As the Delta variant of the COVID virus sweeps the world, another new variant, called Mu, has come on the scene. The World Health Organization (WHO) is keeping an eye on this one and giving info we need for dealing with it as well as we can in the middle of the continuing pandemic world.
What Is The Mu Variant?
The first documented samples of the Mu variant were reported in Colombia in January 2021, but it wasn’t until August that the variant was granted designation. This means the variant wasn’t of significant enough difference from prior variants to warrant additional monitoring until August (i.e., significant enough community transmission across multiple nations).
The Mu variant has genetic changes that may make it more transmissible and capable of causing more severe disease. It may also be more capable of nonresponse to vaccines currently being administered. This information is unknown of yet, however.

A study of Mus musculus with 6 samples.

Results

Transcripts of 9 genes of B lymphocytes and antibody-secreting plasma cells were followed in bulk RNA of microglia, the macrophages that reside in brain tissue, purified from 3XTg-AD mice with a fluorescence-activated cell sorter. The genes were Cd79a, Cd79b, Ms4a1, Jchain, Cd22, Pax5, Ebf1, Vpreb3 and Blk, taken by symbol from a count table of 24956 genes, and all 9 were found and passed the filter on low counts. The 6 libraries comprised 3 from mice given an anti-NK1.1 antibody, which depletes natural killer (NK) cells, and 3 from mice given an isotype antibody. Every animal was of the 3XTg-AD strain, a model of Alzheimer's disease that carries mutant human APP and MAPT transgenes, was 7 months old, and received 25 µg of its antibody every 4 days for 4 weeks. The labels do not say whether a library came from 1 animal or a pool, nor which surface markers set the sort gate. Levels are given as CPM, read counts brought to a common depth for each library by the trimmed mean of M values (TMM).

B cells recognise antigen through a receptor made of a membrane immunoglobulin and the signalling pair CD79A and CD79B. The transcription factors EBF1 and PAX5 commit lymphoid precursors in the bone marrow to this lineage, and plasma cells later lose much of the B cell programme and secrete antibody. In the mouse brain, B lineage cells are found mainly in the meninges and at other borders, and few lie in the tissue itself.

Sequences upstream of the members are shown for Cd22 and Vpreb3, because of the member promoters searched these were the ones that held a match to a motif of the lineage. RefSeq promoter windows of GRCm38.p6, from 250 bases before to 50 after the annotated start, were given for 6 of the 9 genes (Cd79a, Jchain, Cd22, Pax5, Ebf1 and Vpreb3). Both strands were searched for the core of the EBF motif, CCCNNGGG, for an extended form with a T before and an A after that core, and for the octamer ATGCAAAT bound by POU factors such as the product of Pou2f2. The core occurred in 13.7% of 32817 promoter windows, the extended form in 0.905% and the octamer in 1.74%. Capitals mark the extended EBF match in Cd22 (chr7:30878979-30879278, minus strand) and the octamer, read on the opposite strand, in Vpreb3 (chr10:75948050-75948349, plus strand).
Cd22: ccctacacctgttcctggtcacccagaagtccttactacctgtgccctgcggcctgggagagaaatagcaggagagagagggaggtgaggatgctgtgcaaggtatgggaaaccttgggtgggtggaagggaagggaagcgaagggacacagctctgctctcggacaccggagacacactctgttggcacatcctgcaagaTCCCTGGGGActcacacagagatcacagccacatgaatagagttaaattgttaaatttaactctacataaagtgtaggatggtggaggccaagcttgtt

The variant is currently designated as a variant of interest rather than a variant of concern, though, meaning that WHO is keeping an eye on the mutation and studying the genetic changes and impact on the world scene. They continue monitoring the variant with to understand if it should be redesignated to the “concern alert” level.
Where Is The Mu Variant Spreading?
While the variant was first documented in Colombia, it has been since detected in 40 countries, including the United States. However, the variant is only thought to be responsible for 0.1% of the global infections currently.
Do Our Current Vaccines Work Against Mu?
The WHO has called the Mu variant a “constellation of mutations that indicate potential properties of immune escape.” In other words, the variant has the potential being able to infect those with an existing vaccine. Ultimately, the variant hasn’t gone under enough testing for us to have a better understanding of its vulnerability to vaccinations yet.